The Round-Up: What I’m Reading


The Decade in Legal Tech by Robert Ambrogi of LLRX, re-capping the most significant developments that transformed legal practice and the delivery of services. Included are rundowns of changes in legal ethics (as we now have alternative service providers using tech in innovative ways), the powerful rise of the client-focused practices, global networking, AI, and lots more.

On Being a New Voice, A New Everything by Geraldine Kalim for AALL New Voices, discussing how it feels to be a new law librarian and new mother transitioning to a full-time job at a law school in a new (but very familiar) state. I was lucky enough to work with Geraldine in her previous position. This was an informative and very relatable read!

Training for nonlawyers to provide legal advice will start in Arizona in the fall by the ABA Journal’s Stephanie Francis Ward, detailing the two-year pilot of a law school program licensing non-attorneys to provide limited legal advice on domestic violence matters.

The Open Law Library is saving municipal code, one government at a time by Colin Wood for StateScoop, interviewing founder David Greisen on the digital platform that helps governments publish their laws online. Greisen counts Washington, D.C., San Mateo, California and the Pueblo de San Ildefenso tribe in New Mexico as clients, and his group is currently taking new customers.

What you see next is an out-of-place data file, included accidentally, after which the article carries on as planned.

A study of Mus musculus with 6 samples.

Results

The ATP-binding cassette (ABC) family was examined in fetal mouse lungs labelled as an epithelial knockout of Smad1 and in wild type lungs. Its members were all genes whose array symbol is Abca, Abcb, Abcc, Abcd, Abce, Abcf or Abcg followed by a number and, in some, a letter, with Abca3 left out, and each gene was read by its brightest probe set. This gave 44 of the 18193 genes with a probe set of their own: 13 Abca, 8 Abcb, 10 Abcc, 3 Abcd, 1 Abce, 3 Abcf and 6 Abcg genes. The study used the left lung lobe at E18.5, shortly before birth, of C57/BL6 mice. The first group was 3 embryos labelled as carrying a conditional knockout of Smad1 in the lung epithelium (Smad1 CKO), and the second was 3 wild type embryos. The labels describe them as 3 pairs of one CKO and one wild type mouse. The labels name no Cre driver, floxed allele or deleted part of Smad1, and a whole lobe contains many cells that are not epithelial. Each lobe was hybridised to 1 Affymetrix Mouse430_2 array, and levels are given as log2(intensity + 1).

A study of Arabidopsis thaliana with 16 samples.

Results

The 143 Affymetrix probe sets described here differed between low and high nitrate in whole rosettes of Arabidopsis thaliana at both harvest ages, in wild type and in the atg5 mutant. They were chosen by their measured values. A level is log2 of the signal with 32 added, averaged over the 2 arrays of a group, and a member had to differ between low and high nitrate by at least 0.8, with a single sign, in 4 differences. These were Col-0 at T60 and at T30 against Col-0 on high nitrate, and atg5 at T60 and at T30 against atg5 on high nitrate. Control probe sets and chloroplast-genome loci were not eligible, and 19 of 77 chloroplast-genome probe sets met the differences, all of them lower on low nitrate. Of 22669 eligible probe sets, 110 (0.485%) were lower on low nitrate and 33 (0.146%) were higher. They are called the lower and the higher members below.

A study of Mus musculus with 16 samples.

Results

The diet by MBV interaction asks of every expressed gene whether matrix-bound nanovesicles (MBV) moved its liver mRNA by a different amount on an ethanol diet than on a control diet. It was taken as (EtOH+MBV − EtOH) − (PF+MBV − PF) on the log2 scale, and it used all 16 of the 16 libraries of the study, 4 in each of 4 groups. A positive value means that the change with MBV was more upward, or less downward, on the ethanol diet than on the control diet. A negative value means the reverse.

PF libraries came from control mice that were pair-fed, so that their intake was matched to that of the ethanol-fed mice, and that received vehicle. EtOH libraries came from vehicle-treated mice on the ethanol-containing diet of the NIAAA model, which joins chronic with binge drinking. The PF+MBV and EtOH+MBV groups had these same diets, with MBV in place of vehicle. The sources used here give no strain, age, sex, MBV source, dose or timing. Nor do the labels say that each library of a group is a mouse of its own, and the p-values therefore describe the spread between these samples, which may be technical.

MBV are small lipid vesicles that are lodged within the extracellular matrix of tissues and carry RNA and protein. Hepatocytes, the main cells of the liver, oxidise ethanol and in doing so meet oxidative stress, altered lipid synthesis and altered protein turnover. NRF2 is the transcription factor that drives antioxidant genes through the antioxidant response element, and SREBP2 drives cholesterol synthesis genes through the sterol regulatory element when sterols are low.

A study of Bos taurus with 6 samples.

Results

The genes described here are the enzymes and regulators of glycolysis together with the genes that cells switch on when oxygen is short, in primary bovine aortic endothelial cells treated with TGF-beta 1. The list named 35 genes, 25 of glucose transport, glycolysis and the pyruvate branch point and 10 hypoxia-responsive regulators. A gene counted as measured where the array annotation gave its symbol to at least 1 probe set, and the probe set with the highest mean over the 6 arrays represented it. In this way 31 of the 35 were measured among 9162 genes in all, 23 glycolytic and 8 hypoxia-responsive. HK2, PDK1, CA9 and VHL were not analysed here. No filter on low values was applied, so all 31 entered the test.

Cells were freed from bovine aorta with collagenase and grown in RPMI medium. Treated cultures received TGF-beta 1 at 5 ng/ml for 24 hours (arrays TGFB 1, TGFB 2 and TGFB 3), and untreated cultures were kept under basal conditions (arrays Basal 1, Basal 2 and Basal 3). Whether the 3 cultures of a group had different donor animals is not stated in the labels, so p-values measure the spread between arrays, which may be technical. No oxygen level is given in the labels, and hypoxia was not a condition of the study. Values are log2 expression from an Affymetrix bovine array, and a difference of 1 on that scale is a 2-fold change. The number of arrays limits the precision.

Experts say 23% of lawyers’ work can be automated–law schools are trying to stay ahead of the curve by CNBC’s Abigail Hess, breaking down how some law schools are increasing their value and offering student programs and services that embrace technology and hands-on experience. Law schools are trying to balance these new incentives with the rising costs of tuition and law student debt. Really interesting read – also touches on the rise of per-diem attorneys.